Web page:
Evan Sullivan has a history with Christmas shows.
"My first real experience being up in front of people, I guess most people would say it was their Christmas pageant in kindergarten, and that's what it was for me," Sullivan says over a gingerbread latte at Starbucks. "I had my first line — it was one little line — in a Christmas pageant, and I was hooked."
Sullivan, 28, has put in a lot of hours onstage since then, performing iconic roles of Harold Hill in The Music Man and Curly in Oklahoma! (four times). But Christmas shows have been absent from Sullivan's résumé in recent years, primarily because of his former day job, managing his father's garden center, The Planter's Wort, in Richmond.
"We did Christmas trees in the winter, so holiday shows were always off the table," Sullivan says.
In the past year, Sullivan's father has shifted back to managing the garden center full-time, and Sullivan has taken a job doing pretrial work with the judicial system in Montgomery, Menifee, Bath and Rowan counties, freeing up his holiday-season evenings to work on shows. Starting this weekend, he'll play another iconic role: George Bailey in The Woodford Theatre's production of It's a Wonderful Life.
"Everybody knows George Bailey," Sullivan says. "It appeals to me because it has that wholesome feeling with an uplifting ending that makes you want to go home and drink eggnog with the family."
The show finds Sullivan in a comfortable place on the Woodford stage. He's under the direction of Beth Kirchner, with whom he has crafted several memorable performances, including Pseudolus in the 2005 production of A Funny Thing Happened on the Way to the Forum and his most recent performance as Curly in Oklahoma in 2009.
On the other hand, It's a Wonderful Life takes Sullivan, who also has performed with Paragon Music Theatre and other companies, out of a comfort zone because it is not a musical. Since emerging in Lexington theater a little more than five years ago, Sullivan has performed exclusively in musicals.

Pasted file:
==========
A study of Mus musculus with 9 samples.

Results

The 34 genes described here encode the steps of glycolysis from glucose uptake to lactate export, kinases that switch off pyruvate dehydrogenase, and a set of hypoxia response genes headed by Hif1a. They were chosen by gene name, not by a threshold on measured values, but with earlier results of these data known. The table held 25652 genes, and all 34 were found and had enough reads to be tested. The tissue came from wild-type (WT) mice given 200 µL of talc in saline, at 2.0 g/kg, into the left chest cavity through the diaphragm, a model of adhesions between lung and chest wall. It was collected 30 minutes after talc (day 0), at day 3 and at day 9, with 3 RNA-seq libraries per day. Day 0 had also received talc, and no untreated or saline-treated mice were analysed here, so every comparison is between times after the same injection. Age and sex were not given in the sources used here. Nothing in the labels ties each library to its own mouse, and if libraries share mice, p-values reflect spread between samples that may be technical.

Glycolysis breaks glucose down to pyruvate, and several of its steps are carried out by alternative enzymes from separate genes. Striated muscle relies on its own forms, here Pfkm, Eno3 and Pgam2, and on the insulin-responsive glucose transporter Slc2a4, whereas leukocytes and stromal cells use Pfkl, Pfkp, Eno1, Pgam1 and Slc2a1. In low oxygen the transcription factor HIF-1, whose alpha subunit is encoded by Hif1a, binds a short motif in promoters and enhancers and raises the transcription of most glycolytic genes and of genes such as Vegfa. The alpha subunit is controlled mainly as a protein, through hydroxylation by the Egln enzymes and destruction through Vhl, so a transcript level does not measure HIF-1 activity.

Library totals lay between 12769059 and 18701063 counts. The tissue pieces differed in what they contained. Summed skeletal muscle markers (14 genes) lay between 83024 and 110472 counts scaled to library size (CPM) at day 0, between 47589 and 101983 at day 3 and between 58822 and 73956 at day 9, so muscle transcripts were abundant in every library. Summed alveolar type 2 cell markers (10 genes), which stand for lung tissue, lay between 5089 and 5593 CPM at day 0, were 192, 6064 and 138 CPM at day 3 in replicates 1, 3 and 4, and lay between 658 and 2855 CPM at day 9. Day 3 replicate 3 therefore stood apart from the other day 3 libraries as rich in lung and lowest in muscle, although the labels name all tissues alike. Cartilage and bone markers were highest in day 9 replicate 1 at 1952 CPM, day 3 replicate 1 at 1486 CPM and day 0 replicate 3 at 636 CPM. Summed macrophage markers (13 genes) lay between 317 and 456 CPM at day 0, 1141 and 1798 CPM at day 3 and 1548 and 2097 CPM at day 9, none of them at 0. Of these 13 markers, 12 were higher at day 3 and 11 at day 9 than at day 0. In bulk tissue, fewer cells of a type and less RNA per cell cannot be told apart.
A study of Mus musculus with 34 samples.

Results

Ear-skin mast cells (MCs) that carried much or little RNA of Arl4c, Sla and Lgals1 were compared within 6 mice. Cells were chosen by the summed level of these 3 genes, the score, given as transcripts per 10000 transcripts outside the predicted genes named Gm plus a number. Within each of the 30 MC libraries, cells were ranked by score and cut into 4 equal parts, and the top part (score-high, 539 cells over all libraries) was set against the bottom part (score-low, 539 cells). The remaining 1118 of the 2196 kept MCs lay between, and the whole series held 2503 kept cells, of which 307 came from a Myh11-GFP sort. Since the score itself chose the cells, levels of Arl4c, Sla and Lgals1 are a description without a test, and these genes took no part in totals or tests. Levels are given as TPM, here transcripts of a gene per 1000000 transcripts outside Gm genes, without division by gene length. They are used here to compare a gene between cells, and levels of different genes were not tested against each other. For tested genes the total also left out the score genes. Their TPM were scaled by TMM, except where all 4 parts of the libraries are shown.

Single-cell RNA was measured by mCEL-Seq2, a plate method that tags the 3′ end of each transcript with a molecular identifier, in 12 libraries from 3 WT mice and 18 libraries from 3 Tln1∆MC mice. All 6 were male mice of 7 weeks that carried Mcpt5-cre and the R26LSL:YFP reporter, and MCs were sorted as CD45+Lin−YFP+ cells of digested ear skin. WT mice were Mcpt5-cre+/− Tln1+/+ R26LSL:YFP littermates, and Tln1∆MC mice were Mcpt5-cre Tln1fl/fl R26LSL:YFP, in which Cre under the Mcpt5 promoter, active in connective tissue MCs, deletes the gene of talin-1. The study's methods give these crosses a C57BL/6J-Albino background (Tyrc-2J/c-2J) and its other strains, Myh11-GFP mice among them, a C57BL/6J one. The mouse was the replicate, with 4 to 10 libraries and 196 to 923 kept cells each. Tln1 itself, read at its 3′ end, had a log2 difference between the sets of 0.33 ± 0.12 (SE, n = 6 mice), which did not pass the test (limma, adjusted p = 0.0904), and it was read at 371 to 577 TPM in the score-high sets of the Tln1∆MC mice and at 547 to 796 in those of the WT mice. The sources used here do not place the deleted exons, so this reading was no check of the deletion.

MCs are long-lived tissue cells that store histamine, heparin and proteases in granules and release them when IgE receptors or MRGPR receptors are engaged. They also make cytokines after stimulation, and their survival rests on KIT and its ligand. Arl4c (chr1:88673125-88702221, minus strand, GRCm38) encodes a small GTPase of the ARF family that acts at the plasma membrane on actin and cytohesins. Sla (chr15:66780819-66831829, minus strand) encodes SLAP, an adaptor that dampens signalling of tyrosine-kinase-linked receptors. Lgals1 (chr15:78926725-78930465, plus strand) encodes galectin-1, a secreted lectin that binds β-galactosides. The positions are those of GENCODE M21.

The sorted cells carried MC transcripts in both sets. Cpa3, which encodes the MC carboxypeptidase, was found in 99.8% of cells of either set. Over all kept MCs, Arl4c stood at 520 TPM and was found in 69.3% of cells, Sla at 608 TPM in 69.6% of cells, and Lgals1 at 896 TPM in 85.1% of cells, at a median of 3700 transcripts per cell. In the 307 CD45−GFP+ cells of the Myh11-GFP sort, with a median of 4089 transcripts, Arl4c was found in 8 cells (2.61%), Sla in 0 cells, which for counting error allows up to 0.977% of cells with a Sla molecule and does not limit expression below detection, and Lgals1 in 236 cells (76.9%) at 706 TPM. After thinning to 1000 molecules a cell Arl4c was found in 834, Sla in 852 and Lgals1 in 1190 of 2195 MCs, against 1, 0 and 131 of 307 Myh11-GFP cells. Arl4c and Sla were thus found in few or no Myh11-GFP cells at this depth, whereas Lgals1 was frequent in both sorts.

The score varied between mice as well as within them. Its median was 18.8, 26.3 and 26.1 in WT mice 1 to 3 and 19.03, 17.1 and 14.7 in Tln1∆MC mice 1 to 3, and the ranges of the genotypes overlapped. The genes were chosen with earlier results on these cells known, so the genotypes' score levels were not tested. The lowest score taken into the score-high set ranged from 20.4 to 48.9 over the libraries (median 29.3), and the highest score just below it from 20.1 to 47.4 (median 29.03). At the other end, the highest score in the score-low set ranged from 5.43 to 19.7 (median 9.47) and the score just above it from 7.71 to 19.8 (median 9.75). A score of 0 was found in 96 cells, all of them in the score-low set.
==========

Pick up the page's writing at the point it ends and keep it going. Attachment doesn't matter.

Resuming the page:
"Doing a musical, I could always feel like even if I mess up a little bit, I'll get it back in the song," Sullivan says. In It's a Wonderful Life, "I don't have that safety net. It really is all on my acting.
"Beth and I discussed that I am a singer-actor. So to have the whole show rest on my acting means me getting a lot more serious, means me getting a lot more into the script and saying, what does this mean? What's the subtext? They're things that you do, but not to this extent."
Bailey, who is driven so low that he attempts suicide, is a character who goes into much darker places than most of Sullivan's musical leading men.
In many ways though, Sullivan identifies with Bailey, who stays in his small town of Bedford Falls rather than pursue dreams in bigger places, and who works at making life better for his family and community.
As a leading man of Lexington-area musical theater, Sullivan has been tempted to test the waters in New York and other big cities. But the bottom line is, he's not interested.
"I moved to Winchester because Lexington was too big for me," Sullivan says. "And now I'm thinking of downsizing again to Mount Sterling."
Sullivan says he investigated New York, particularly when he had a girlfriend who lived there.
"It was cutthroat," says Sullivan, who is contemplating going back to law school. "People are willing to take a bat to your knees just to keep you from auditioning.
"I'd rather stay here and just do what I do because I love doing it."